Spanish moss is a member of the pineapple family | Photo by Andy Brack

Air plants are miraculous pocket-to-palm sized plants with incredible diversity. There are more than 700 species of air plants in the world including one iconic to Southern landscapes: Spanish moss. All air plants are members of the bromeliad family and the genus tillandsia. 

Despite the name, air plants need a bit more than air to survive and thrive. These unique plants are epiphytes, meaning they do not root in soil, but grow attached to other plant life, such as trees. In their natural habitat, they get all of their nutrients from rain and any debris carried by air or clustered near it. 

Toni Reale | File Photo

Air plants don’t have a traditional root system. Instead, they absorb nutrients through trichomes, which look like tiny white hairs on the surface of their leaves, giving them their silvery-like appearance. Trichomes aren’t hairs at all. Rather, they are tiny vessels made of living and dead cells that funnel water and nutrients into the plant. The dead cells absorb and store water for future use. 

According to the Toronto Botanical Garden, the amount of trichomes varies per species depending on the environmental conditions of their native habitat. Tillandsia that look more “fuzzy” have more trichomes and are native to more desert-like environments. The fewer trichomes on a plant means that its natural habitat is more tropical. The general amount of trichomes influences the type of care that specific species of air plants require. The more fuzzy, the more sunlight it can take and the more drought-tolerant that plant can be.  

Great starter plants

Although the biology of air plants seems complex, air plants are excellent starter plants for the beginner plant parent. The most important thing to consider when adding an air plant to your collection is placement. Lighting is key, and too much light will burn the plant; too little will not provide optimal growing conditions. Air plants in general thrive in bright yet, indirect light. As a general rule, these lighting conditions can be found 3 feet to 5 feet away from a southern or western facing window. If placement is limited in your home, monitor the sunlight coming in through the panes over a few days to determine where optimal lighting would be.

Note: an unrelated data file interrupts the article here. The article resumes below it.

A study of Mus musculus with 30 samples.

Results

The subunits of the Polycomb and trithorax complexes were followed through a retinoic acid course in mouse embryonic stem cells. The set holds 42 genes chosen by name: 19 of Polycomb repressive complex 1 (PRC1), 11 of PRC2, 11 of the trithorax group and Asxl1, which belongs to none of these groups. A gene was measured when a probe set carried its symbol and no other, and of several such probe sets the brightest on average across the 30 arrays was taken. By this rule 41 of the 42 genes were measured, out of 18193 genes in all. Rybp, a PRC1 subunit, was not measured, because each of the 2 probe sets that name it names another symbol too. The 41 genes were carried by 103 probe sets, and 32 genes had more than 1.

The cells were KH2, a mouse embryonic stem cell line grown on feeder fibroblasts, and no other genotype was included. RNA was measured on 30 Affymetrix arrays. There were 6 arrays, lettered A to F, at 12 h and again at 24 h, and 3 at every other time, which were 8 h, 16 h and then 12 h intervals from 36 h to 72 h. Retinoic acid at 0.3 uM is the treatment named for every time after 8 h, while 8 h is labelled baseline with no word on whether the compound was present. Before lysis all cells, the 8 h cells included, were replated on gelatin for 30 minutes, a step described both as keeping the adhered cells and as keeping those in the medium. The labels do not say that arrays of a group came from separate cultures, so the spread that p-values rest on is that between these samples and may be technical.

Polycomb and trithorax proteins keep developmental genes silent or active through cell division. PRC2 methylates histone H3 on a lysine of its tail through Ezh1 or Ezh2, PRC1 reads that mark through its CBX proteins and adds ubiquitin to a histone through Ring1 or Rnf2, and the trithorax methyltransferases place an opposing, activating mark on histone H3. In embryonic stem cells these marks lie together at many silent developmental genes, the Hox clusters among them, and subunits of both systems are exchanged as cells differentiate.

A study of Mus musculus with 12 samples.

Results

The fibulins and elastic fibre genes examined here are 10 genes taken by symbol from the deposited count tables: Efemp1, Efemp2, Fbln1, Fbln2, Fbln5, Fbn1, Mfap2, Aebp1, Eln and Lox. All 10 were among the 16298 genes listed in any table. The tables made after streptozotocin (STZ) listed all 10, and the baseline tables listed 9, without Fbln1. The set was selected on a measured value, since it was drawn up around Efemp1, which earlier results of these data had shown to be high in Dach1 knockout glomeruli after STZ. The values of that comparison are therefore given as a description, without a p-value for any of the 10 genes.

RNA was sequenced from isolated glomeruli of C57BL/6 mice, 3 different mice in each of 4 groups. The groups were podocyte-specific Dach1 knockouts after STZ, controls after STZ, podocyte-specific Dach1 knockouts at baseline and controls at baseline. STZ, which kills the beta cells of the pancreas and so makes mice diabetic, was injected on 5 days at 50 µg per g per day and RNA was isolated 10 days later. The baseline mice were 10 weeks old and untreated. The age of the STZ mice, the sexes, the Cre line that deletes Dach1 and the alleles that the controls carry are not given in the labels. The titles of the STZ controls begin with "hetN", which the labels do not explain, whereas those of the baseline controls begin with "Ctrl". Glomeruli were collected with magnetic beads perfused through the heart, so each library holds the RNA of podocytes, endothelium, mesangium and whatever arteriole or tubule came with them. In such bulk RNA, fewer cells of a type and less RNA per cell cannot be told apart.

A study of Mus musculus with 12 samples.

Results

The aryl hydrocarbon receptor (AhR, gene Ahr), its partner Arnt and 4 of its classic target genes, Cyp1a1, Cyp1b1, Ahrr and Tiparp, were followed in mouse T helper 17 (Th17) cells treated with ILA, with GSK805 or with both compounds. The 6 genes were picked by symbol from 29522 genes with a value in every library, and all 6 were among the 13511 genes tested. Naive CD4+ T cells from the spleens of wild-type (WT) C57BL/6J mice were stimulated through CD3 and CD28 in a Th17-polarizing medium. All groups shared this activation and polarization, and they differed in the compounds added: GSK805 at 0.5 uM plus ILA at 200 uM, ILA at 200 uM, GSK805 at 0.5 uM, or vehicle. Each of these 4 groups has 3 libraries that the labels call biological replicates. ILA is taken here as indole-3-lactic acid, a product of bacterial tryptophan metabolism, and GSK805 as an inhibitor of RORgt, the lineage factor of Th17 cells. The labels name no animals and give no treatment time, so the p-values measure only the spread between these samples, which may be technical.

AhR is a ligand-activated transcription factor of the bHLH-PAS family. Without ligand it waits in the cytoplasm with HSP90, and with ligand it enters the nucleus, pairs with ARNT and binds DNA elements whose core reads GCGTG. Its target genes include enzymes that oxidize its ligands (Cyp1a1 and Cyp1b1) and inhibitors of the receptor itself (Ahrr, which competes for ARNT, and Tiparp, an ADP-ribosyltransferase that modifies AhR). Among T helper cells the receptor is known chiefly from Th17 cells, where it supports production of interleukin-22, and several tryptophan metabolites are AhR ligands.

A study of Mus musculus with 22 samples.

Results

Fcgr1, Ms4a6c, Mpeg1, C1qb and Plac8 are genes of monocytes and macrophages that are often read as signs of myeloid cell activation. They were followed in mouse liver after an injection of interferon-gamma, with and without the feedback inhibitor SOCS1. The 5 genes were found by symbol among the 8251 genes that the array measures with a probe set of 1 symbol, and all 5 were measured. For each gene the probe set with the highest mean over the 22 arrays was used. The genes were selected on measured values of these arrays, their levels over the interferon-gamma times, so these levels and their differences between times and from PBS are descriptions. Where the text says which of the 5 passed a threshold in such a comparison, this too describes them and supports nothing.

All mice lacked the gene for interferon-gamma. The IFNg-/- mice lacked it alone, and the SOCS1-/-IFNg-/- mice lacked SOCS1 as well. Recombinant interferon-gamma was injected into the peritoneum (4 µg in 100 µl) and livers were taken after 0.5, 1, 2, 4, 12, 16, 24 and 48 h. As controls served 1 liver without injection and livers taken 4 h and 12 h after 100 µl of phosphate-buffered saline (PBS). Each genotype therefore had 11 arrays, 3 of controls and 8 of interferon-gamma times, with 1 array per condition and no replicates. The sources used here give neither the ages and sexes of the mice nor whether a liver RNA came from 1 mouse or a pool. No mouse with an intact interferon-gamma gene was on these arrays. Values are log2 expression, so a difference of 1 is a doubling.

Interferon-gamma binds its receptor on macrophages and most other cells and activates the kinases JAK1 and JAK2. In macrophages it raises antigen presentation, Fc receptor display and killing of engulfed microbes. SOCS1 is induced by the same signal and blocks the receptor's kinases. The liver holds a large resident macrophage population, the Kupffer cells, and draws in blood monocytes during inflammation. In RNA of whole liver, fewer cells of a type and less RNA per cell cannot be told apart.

Since tillandsia do not require soil and therefore remove the need for a pot, they can be fun to style in your home. Many find hanging plant holders, glass globes, corks and even sea urchin shells to display air plants. A quick scroll on Pinterest will be sure to inspire. Keep in mind that glass globes or terrariums amplify the sunlight that reaches a plant, which means you may have to adjust the placement of your plant.

A proper watering and fertilizing schedule will ensure your air plant lives a long, healthy life. At Roadside Blooms, we give all of our air plants a weekly bath. Using room temperature tap water, we submerge our plants for thirty minutes to one hour. Then, we shake off any excess water and gently dry upside-down overnight before placing them back into their holders or containers. Because trapped water can rot the bottom of the stalk. Every other week, we spray a small amount of tillandsia-specific fertilizer into the water before dunking. This is because they are not getting the same amount of nutrients in your home as they would outside. 

Your persistent care will pay off as most air plants flower annually. Some go through a blushing phase where the plant will turn a little pink or red before it flowers. Unfortunately, after the mother tillandsia blooms, it dies, but offspring grow in its place. Don’t throw out any “dead”-looking air plants after they flower. Keep caring for them as you would if they were still alive because they are working hard to grow their “pups,” or baby plants. They are slow growers, but once you see those baby tillandsia growing underneath the leaves of the mother plant, the care was worth it.

Toni Reale is the owner of Roadside Blooms, a unique flower and plant shop in Park Circle in North Charleston. It specializes in weddings, events and everyday deliveries using nearly 100% American- and locally grown blooms. Online at 4610 Spruill Ave., Suite 102, North Charleston.

Stay cool. Support City Paper.

City Paper has been bringing the best news, food, arts, music and event coverage to the Holy City since 1997. Support our continued efforts to highlight the best of Charleston with a one-time donation or become a member of the City Paper Club.